Mortgage Types Explained

mortgage options

Picking the correct mortgage for your circumstances can seem like a minefield with the vast array of options on offer in the marketplace. Even with the current economic downturn reducing the number of mortgages available to customers, there is still a vast array of different mortgage types, rates, offers and packages for every type of home buyer.


The trick is to do your research before you delve into the range of market offerings and understand your particular requirements and circumstances. Do some reading and research so you`re clear on what you`re looking for – as a mortgage is possibly the largest loan you will ever take out and think about whether you are comfortable handling your mortgage choice and application yourself, or whether you would prefer to use a broker.

An independent broker is ideal for getting help navigating the maze – but avoid a tied broker who will only advise on the products he or she gets commission for. Alternatively you can review the market and negotiate your own application directly with a bank or building society.

The main types of mortgage categories are first time buyer, remortgage or buy to let. First time buyers may have specific needs and smaller deposits (no existing equity to transfer.) Specialist products exist for this group, with higher LTV (loan to value) amounts, lesser deposit requirements and additional help with costs or incentives attached such as fee free processing and help with searches, legal fees etc.

A remortgage involves a homeowner either moving house and porting a product, or remortgaging to a more competitive deal – either with an existing or new mortgage provider. These mortgages make up the bulk of the market.

A buy to let mortgage is a specialist product for landlords, or those looking to rent out their property commercially. They will have more stringent terms, generally higher interest rates and require greater deposits or equity, reflecting the greater risk with the arrangement.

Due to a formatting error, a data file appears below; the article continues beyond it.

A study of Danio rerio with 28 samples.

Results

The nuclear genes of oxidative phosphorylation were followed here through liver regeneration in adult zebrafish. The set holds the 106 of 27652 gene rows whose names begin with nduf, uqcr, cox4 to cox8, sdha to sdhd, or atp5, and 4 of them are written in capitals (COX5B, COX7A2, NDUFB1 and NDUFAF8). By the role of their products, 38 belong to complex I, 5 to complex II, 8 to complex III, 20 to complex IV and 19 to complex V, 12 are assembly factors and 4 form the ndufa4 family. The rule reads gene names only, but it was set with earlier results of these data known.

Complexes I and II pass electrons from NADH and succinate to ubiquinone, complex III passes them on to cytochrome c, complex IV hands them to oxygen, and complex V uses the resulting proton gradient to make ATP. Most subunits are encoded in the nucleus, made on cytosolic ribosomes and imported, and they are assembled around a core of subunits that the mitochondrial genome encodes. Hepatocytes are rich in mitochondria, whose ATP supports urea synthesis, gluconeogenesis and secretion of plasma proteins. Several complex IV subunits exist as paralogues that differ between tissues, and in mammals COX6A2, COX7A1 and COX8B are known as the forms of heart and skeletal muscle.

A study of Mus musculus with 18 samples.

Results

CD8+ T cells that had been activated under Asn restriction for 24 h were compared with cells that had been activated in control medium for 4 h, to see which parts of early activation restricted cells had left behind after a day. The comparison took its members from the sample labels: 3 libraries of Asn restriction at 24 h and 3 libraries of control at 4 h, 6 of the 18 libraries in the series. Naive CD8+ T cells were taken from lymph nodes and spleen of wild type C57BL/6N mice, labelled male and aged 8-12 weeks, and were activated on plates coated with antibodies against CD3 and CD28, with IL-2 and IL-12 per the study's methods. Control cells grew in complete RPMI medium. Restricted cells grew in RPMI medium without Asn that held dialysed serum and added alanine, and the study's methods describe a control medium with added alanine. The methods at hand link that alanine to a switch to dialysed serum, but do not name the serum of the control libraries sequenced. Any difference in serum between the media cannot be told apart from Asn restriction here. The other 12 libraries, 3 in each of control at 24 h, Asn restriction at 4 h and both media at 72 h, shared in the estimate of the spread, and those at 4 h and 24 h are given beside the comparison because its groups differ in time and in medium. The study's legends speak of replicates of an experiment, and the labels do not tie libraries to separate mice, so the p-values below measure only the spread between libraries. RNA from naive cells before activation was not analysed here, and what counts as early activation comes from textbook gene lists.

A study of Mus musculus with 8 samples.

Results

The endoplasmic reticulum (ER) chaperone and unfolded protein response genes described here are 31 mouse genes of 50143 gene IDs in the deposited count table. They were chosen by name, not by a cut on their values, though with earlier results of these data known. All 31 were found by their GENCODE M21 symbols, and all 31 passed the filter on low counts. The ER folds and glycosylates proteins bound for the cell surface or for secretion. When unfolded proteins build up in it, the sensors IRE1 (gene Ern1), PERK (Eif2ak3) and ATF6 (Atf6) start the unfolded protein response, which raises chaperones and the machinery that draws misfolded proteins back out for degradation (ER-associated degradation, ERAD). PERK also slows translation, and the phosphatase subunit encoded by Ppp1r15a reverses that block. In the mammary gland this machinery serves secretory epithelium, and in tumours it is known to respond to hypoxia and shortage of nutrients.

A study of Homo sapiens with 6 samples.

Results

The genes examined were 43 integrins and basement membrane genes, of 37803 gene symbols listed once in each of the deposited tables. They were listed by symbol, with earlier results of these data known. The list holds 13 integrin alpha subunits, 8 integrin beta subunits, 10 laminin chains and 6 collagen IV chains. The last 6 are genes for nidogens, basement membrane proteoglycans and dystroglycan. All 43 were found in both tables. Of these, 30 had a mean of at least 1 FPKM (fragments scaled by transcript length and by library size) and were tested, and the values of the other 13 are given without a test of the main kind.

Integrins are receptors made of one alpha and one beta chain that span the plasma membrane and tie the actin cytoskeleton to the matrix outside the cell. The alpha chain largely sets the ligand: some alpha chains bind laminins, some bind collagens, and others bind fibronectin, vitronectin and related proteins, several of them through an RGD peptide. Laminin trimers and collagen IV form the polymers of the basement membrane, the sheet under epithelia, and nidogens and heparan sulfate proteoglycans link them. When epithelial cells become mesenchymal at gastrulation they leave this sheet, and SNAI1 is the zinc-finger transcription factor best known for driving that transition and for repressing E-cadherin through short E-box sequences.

Beyond these types, the mortgages themselves fall into broad categories. Fixed rate mortgages do just that- you pay the same agreed amount each month, reflecting a static interest rate. A variable rate mortgage will rise and fall depending on the movement of the Bank of England base rate, with payments adjusting accordingly. Tracker mortgages work in similar ways. A discount mortgage will cost less than a standard rate for a promotional introductory period of time and then revert to a higher rate for the term remainder, or the SVR (Standard Variable rate.) There are pros and cons to each, which should be considered according to your needs.

Another interesting newer product is the offset mortgage, where a mortgage outstanding sum is offset against savings. This means you earn no interest on your savings, but at the same time, pay no interest on the corresponding mortgage amount. For those with savings of £10k or over, this can be a very competitive and attractive form of mortgage, with interest calculated daily and flexible repayment and over-payment terms.

As a general point, the best mortgages do tend to disappear quickly, so head to financial information sites to find what`s available and begin your application into the world of home ownership!

Gina Wilson

Another post from Gina Wilson – Credit & Loans Specialist Blogger.